Four Classes of Individuals
It is stated in the Puggala Pannatti (the book of Classification of Individuals) and the Anguttara-Nikaya that, of the beings who encounter the Sasanas (teachings) of the Buddhas, four classes can be distinguished:
- Neyya and
Of these four classes of beings, an ugghatitannu is an individual who encounters a Buddha in person, and who is capable of attaining the holy Path and the holy Fruits through the mere hearing of a short concise discourse.
A vipancitannu is an individual who has not the capability of attaining the Paths and the Fruits through the mere hearing of a short discourse, but who yet is capable of attaining the Paths and the Fruits when the short discoure is expounded to him at some length.
A neyya is an individual who has not the capability of attaining the Paths and the Fruits through the hearing of a short discourse, or when it is expounded to him at some length, but is one for whom it is necessary to study and take careful note of the sermon and the exposition, and then to practise the provisions contained therein for days, months, and years, in order that he may attain the Paths and the Fruits.
This neyya class of individuals can again be sub-divided into many other classes according to the period of practice which each individual finds necessary before he can attain the Paths and the Fruits, and which further is dependent on the parami (perfections) which each of them has previously acquired, and the kilesa (defilements) which each has surmounted. These classes of individuals include, on the one hand, those for whom the necessary period of practice is seven days, and on the other, those for whom the necessary period of practice may extend to thirty or sixty years.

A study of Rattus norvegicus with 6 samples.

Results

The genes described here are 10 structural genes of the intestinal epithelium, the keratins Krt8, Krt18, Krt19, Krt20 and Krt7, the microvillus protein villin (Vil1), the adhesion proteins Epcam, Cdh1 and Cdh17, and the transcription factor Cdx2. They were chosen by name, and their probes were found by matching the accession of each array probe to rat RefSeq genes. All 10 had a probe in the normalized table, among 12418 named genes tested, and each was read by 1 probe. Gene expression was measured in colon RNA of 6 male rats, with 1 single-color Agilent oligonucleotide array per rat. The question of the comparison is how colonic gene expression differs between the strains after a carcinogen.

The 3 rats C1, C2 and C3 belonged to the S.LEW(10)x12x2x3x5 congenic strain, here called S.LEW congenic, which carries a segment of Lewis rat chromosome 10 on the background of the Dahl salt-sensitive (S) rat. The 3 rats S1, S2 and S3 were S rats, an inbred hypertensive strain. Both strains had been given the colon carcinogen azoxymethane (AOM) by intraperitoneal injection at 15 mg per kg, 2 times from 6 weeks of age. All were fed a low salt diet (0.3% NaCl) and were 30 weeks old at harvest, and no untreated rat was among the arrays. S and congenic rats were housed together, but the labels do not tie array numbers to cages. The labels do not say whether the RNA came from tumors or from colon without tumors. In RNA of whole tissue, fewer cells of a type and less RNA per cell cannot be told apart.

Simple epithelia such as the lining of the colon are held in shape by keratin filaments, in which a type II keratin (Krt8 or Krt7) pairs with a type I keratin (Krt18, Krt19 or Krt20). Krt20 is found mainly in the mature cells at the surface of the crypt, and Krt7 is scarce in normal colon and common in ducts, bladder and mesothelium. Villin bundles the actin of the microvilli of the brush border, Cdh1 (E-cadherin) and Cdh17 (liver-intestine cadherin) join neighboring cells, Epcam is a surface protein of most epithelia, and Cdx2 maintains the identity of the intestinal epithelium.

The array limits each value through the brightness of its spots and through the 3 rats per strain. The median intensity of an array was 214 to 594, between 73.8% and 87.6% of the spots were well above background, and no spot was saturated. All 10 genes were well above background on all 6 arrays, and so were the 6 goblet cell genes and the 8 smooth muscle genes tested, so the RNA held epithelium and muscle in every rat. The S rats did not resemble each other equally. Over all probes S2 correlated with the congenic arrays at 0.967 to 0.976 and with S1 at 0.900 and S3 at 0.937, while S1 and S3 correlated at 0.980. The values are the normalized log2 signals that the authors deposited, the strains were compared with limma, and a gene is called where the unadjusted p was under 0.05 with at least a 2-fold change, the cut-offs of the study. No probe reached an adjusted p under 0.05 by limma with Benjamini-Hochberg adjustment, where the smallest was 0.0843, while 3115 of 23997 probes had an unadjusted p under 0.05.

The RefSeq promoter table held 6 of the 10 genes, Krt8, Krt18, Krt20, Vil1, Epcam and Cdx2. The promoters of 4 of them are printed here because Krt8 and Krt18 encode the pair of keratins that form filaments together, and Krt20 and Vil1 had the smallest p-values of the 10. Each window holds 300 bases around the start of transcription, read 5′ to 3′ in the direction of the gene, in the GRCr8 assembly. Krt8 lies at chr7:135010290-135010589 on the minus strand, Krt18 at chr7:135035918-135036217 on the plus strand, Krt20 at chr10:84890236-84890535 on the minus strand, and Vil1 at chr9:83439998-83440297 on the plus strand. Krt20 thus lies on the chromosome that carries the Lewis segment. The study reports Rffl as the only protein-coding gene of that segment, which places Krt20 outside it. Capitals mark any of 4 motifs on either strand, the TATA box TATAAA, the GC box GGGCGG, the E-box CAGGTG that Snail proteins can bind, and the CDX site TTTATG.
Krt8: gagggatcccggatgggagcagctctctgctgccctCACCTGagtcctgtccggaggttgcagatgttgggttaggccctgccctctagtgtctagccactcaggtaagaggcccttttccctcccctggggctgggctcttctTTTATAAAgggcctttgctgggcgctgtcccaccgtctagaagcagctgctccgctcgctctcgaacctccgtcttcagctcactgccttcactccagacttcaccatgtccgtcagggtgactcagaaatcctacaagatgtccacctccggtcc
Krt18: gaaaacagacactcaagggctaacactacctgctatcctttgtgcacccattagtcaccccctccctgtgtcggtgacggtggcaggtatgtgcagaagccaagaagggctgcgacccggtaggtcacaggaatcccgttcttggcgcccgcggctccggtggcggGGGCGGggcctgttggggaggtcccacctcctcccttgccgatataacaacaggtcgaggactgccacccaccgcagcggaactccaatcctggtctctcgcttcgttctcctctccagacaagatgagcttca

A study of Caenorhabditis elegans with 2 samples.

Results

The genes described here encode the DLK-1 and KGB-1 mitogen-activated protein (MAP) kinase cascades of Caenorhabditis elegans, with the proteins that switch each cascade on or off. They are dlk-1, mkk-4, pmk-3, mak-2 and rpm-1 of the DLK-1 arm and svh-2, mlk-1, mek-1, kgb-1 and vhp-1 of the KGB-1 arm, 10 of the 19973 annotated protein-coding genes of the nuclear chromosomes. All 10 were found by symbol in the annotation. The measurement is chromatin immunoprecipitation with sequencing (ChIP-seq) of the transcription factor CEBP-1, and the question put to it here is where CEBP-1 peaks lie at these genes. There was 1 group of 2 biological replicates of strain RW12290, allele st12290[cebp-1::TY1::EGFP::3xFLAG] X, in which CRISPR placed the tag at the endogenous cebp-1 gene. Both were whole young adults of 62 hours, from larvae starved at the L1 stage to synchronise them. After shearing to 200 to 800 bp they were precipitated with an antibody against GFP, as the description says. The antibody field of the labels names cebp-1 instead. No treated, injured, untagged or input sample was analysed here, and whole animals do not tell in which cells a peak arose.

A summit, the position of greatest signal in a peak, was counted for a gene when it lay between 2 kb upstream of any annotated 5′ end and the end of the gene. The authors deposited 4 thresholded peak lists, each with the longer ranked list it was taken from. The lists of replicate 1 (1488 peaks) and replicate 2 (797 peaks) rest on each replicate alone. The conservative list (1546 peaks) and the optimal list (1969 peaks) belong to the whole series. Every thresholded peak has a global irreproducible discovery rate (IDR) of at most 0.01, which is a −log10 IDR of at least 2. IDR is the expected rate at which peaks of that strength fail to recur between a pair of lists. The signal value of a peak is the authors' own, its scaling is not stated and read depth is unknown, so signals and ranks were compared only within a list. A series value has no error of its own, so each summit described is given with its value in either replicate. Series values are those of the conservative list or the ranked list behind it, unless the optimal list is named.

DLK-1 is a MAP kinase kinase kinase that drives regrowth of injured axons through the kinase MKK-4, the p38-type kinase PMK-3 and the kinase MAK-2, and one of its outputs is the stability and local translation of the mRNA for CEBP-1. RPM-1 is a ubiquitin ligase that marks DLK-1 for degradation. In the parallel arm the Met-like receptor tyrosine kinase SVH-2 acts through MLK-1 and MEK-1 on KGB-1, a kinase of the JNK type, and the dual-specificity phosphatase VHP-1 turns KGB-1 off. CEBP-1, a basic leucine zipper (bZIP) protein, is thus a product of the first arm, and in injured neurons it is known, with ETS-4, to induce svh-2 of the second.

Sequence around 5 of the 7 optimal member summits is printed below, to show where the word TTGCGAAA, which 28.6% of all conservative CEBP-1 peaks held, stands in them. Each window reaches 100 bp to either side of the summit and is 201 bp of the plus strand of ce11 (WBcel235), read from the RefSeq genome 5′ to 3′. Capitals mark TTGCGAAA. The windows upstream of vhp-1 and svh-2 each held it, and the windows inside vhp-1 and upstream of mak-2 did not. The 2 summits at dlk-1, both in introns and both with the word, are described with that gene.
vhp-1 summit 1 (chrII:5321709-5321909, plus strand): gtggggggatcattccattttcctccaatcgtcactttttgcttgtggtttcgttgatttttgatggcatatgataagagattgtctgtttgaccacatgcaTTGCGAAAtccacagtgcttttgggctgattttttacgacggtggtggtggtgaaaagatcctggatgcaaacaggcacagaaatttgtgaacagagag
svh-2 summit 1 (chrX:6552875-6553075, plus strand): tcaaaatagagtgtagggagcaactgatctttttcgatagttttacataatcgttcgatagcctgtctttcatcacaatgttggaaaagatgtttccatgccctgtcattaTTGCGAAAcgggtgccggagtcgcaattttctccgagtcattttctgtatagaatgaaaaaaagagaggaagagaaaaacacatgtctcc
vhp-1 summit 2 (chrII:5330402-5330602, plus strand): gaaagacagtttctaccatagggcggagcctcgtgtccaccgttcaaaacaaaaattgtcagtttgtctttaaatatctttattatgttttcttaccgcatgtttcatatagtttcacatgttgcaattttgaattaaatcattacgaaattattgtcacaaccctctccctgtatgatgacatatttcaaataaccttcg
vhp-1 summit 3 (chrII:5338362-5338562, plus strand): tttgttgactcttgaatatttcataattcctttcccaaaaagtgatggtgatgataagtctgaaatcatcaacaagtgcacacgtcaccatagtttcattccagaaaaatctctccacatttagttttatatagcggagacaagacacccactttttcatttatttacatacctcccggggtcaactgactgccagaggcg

Further classes also arise, as for example, in the case of individuals whose necessary peroid of practice is seven days, the stage of an arahat may be attained if effort is made in the first or second period of life, which no more than the lower stages of the Paths and the Fruits can be attained if effort be made only in the third period of life.
Then, again, putting forth effort for seven days means exerting as much as is in one’s power to do so. If the effort is not of the highest order, the peroid of necessary effort becomes lengthened according to the laxity of the effort, and seven days may become seven years or longer. If the effort during this life is not sufficiently intense as to enable one to attain the Paths and the Fruits, then release from worldly ills cannot be obtained during the present Buddha Sasana, while release during future Buddha Sasanas can be obtained only if the individual encounters them. No release can be obtained if no Buddha Sasana is encountered.
It is only in the case of individuals who have secured niyata vyakarana (sure prediction made by a Buddha), is an encounter with a Buddha Sasana and release from worldly ills certain. An individual who has not attained niyata vyakarana cannot be certain either of encountering a Buddha Sasana or achieving release from worldly ills, even though he has accumulated sufficient parami to make both these achievements possible.
These are considerations in respect of those individuals who possess the capabilities of attaining the Paths and the Fruits by putting forth effort for seven days, but who have not obtained niyata vyakarana.
Similar considerations apply to the cases of those individuals who have the potentiality of attaining the Paths and the Fruits by putting forth effort for fifteen days, or for longer periods.
A padaparama is an individual who, though he encounters a Buddha Sasana, and though he puts forth the utmost possible effort in both the study and practice of the Dhamma, cannot attain the Paths and the Fruits within this lifetime. All that he can do is to accumulate habits and potentials.
Such a person cannot obtain release from worldly ills during this life-time. If he dies while practising samatha (calm) or vipassana (insight) and attains rebirth either as a human being or a deva in his next existence, he can attain release from worldly ills in that existence within the present Buddha Sasana.
Thus did the Buddha say with respect to four classes of individuals.